Finding cures for children's genetic diseases


Improving success rates for cancer treatment


A new way to treat cancer in patients who don’t respond to current targeted treatments has “tremendous potential to save lives’’ according to one of the authors of a study published in the journal, Cell, who is hopeful that significant business investment in developing a promising class of compounds could see it enter the USD 54 billion-dollar global immuno-oncology therapy market.

Immuno-oncology therapies, one of the newer classes of cancer drugs, are highly effective in up to 30% of patients, and generally have an acceptable side-effect profile. A contributing factor in tumours that respond poorly, or are resistant to targeted therapies, is the variation in drug-target availability on the surface of tumour cells.
Researchers from the University of Queensland’s (UQ)s Diamantina Institute and Institute for Molecular Bioscience, The Princess Alexandra Hospital, Children’s Medical Research Institute, The University of Newcastle, and The University of Sydney have discovered that another class of compounds, called endocytosis inhibitors (in particular, dynamin inhibitors), when used in combination with certain immuno-oncology therapies, dramatically increased the response rate to the cancer drugs in pre-clinical models, by promoting drug-target availability on the surface of tumour cells.
These results and data from a proof of concept study published in Cell on 5 March 2020, demonstrate for the first time that the approach of combining these two types of agents in patients with cancer is feasible. This holds great promise for advancing the combination therapy toward the clinic, with the aim of greatly increasing the pool of patients that may be effectively treated with immuno-oncology therapies.
“Results in pre-clinical models are impressive,” Professor Phil Robinson of Children’s Medical Research Institute said.
Immuno-oncology therapies work by binding to specific receptors on the surface of cancer cells, which activates the patient’s own immune response to recognise and selectively kill the tumour. However, if the majority of target receptors for the cancer drug are internalised and are not located on the cell surface when the cancer treatment is administered, the therapy is either ineffective or patients respond poorly. In pre-clinical models, the addition of an endocytosis inhibitor reduces/prevents this internalisation and increases the exposure of target receptors on the tumour cell surface for the immuno-oncology therapy to bind.
“Our collaborators at UQ  have shown in the pre-clinical setting that dynamin inhibition improves immune cell mediated killing of tumour cells (Antibody-Dependent Cellular Cytotoxicity) for three separate immunotherapies, cetuximab (anti-EGFR), trastuzumab (anti-HER2), and avelumab (anti-PD-L1). The UQ data shows in pre-clinical models in vivo that the combination therapy reverses resistance to the immune-oncology drug (kills the tumour) and induces resistance to rechallenge with new tumours (i.e., provides long-term protection) without further therapy,” said Prof Robinson.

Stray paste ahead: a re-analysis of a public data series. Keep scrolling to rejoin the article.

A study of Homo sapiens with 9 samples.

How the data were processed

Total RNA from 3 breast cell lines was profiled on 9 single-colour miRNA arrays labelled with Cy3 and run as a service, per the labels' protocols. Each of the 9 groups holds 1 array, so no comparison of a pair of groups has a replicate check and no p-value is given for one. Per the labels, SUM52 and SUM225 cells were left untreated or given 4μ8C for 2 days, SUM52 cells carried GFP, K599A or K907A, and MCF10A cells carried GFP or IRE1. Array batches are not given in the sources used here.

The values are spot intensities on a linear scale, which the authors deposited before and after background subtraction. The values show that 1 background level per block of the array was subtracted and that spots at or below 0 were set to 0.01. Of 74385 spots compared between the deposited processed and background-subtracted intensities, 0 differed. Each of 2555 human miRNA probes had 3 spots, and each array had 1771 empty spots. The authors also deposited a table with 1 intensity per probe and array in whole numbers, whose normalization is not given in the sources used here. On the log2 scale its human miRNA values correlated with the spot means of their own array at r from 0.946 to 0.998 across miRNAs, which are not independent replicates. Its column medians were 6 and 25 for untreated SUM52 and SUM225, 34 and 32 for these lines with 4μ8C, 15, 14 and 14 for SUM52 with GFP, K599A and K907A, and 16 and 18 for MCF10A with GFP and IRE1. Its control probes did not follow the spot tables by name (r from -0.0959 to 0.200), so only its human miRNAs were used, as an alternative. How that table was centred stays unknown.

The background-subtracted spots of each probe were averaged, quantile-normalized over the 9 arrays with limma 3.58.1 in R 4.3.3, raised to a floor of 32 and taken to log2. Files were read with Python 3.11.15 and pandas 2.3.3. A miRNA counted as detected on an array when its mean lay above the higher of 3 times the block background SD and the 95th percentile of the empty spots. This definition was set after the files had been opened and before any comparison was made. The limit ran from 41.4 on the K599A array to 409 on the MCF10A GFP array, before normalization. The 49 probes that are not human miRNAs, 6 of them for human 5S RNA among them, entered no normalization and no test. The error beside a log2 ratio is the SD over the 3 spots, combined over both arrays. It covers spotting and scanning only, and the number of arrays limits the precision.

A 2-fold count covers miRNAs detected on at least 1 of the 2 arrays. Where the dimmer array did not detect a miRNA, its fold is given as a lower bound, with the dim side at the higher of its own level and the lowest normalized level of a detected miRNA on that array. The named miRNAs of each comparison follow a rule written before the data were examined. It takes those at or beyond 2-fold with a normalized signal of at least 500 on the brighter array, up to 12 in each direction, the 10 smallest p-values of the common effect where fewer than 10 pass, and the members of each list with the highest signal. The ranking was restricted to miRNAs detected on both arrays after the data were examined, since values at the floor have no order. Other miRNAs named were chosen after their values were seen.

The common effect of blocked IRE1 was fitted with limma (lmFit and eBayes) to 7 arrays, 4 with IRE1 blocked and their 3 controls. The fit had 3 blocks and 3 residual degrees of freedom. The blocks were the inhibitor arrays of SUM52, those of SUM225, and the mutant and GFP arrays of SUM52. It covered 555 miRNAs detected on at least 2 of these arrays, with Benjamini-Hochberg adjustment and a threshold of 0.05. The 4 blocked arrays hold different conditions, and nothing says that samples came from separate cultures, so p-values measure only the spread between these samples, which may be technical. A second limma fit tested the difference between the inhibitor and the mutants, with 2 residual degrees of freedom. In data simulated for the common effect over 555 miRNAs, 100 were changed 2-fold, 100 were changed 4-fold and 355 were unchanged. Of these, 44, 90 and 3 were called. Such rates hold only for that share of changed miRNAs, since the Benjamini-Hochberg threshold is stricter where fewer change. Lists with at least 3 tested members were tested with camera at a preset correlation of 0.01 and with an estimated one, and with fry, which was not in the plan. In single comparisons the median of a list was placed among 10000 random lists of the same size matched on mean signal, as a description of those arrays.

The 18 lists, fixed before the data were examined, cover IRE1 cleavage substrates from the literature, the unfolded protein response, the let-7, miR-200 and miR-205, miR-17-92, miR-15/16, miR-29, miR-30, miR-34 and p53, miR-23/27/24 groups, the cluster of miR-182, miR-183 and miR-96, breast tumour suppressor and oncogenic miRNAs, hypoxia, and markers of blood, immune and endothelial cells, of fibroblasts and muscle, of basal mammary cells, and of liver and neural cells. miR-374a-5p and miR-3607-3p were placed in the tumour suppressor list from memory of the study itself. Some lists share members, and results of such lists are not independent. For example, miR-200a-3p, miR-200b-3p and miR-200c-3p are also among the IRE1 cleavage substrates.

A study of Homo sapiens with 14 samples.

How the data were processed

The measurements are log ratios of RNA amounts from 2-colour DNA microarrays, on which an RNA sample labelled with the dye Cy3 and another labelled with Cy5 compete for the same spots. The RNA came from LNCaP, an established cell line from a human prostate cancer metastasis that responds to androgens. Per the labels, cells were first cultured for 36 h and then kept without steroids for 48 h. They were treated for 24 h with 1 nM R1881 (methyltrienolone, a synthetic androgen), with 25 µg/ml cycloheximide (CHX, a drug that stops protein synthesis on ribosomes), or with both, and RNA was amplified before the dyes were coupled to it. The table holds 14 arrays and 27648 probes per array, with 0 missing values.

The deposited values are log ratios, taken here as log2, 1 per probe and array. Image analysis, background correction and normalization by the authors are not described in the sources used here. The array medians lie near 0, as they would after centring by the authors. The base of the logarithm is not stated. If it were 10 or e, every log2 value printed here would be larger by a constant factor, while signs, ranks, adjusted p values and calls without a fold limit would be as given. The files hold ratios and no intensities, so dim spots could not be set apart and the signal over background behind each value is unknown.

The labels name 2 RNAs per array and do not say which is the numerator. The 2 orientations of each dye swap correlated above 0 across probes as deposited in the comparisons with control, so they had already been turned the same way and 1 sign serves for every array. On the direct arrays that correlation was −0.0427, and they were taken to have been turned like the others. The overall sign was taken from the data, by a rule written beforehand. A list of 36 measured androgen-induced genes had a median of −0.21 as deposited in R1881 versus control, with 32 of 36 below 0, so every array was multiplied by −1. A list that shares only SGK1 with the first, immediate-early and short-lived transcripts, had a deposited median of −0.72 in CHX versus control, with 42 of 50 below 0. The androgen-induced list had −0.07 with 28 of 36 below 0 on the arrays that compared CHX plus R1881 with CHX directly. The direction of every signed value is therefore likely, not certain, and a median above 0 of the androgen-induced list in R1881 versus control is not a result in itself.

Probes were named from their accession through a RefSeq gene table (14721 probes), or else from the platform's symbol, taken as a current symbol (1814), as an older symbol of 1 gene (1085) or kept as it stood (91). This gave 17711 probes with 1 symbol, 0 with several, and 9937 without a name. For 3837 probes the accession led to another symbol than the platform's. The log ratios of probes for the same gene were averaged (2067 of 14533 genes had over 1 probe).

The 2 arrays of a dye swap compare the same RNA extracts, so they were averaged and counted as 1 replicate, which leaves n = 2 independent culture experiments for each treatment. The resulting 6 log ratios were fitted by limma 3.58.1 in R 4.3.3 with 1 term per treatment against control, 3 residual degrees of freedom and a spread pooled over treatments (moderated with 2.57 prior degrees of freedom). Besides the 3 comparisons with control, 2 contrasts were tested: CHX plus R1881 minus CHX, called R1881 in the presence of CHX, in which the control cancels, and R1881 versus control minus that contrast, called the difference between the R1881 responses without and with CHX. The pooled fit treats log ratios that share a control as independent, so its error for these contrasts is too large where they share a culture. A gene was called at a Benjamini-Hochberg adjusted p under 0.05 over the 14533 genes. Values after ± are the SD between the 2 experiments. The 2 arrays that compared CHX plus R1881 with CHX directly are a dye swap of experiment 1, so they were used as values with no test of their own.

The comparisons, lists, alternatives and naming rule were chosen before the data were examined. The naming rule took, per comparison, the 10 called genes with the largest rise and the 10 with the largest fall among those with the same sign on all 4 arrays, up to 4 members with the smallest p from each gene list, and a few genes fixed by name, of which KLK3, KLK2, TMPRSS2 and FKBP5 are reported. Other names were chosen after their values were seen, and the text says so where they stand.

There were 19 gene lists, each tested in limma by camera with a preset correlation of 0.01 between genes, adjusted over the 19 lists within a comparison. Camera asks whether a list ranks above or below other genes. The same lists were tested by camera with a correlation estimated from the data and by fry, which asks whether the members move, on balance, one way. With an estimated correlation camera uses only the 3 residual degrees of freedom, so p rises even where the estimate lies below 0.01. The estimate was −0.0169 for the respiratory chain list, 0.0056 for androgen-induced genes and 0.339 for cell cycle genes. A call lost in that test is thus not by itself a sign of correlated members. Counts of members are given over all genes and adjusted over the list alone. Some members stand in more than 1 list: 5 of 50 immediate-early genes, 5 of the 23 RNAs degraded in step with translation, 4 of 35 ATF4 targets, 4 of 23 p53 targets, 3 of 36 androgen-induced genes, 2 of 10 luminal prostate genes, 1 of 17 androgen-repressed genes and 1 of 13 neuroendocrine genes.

“The Cell data are also proof of principle that treatment of patients with a dynamin inhibitor can prevent internalisation of receptors on tumours in patients .We now know that there are existing endocytosis inhibitor drugs whose off-target effects can be used and tested in future trials. Our focus is to develop the next generation of these drugs, which will be more specific, more potent, with fewer side-effects—and which can reach more people.”
The current work was carried out using prochlorperazine, a well-known drug that has been on the market for many years, which has endocytosis inhibition properties (specifically through dynamin inhibition) and is currently licensed for other indications.
Drug development has advanced tremendously in the 40 years since prochlorperazine was licensed for medical use. Our drug development teams at CMRI and UoN have been working for over a decade on a new class of endocytosis inhibitor drugs which will be much more potent and specific than the drug used in the current study, with the aim of producing fewer side effects while still having the same potential impact on the efficacy of the immuno-oncology therapy. With safety having now been demonstrated for the mode of action of endocytosis inhibition, it is imperative to expedite the development of the existing and new drugs for use in combination with immune-oncology therapies to improve their success rate, including potentially in patients for whom immunotherapy has previously failed.
 “Now, we just need to prove its efficacy in rigorous Phase II trials and get our new candidate dynamin inhibitor drugs into the clinical pipeline.”
Investment is being sought to advance both programs of work, i.e., the existing drug (prochlorperazine) and candidate new chemical entities (NCEs). The global immuno-oncology therapy market reached USD 54 billion in 2018 and is expected to reach USD 157 billion by 2027. The drugs we are developing have potential application across a broader market of indications for all receptor-mediated immunotherapies (beyond cancer), thus dramatically expanding the potential value of this approach.